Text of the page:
The Moral Philosophy of Emotions
Emotions shape our mental and social lives. However, moral philosophy paid scant attention to emotions and found it hard to judge them. Are they simply animal energies or impulses with no connection to our thoughts? And are they therefore morally irrelevant? Or are they filled with intelligence and sound judgements and thus a source of deep awareness and understanding?
In her latest book Upheavals of Thought, Martha Nussbaum presents a powerful argument for treating emotions as highly discriminating responses to what is of value and importance. She goes into a wide range of emotions - in particular compassion and love - showing that there can be no adequate ethical theory without an adequate theory of the emotions. In her own words:
“Instead of viewing morality as a system of principles to be grasped by the detached intellect, and emotions as motivations that either support or subvert our choice to act according to principle, we will have to consider emotions as part and parcel of ethical reasoning...We will have to grapple with the messy material of grief and love, anger and fear, and the role these tumultuous experiences play in thought about the good and just.”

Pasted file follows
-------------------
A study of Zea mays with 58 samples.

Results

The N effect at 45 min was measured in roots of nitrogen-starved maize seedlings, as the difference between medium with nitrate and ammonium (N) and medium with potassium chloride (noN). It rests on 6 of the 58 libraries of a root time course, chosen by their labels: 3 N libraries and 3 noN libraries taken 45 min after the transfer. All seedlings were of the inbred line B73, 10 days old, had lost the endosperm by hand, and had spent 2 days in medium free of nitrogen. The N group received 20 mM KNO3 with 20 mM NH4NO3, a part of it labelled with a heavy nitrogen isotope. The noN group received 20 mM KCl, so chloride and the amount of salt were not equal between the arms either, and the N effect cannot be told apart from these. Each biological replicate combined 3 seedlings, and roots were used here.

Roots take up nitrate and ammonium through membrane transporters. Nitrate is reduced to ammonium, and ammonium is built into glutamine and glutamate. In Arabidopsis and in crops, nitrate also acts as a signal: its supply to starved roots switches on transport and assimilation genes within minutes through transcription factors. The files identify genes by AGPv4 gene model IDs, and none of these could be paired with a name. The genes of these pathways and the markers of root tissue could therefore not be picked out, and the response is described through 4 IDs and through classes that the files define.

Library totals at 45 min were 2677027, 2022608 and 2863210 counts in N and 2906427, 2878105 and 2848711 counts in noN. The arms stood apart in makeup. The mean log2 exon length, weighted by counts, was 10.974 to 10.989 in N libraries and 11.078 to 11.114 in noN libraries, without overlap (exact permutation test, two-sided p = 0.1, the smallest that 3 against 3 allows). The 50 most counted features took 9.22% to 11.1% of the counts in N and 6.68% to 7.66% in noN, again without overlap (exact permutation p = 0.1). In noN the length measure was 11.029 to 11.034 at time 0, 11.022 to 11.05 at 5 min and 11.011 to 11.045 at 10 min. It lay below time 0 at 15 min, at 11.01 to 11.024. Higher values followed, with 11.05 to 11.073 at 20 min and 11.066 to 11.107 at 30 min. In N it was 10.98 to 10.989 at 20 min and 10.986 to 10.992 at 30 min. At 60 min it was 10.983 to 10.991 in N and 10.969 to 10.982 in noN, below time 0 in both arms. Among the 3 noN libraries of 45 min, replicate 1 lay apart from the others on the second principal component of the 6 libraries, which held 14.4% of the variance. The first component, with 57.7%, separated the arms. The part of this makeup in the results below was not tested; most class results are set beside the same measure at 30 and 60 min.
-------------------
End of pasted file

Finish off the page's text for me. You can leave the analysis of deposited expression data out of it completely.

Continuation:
In Upheavals of Thought, Nussbaum discusses philosopers and authors such as Aristotle, Augustine and Proust and she brings insights from psychology, psychoanalysis and religion to fruition.
The Groningen bookshop Scholtens Wristers, together with Studium Generale Groningen has invited Martha Nussbaum to speak about her new book. The lecture is on the eve of April, the (Dutch) month of philosophy.
Martha C. Nussbaum (1947) is a philosopher, a critic, an activist, and a feminist. She is equally at home discussing ancient Greek philosophy and contemporary moral and political philosophy. Nussbaum has written extensively about the connections between philosophy and literature, arguing that literature is the best means we have for exploring the consequences of moral choices. She is professor of Law and Ethics at the University of Chicago Law School. Her publications include The Fragility of Goodness: Luck and Ethics in Greek Tragedy and Philosophy (1986), Love's Knowledge (1990, Dutch translation: Wat liefde weet), For Love of Country (1996), Cultivating Humanity: A Classical Defense of Reform in Liberal Education (1997), Sex and Social Justice (1998) and Upheavals of Thought: The Intelligence of Emotions (2001, Dutch translation: Oplevingen van het Denken. Over de menselijke emoties). In The Netherlands, Nussbaum became famous for her appearance in Wim Kayzer’s documentary Van de schoonheid en de troost (Of Beauty and Consolation).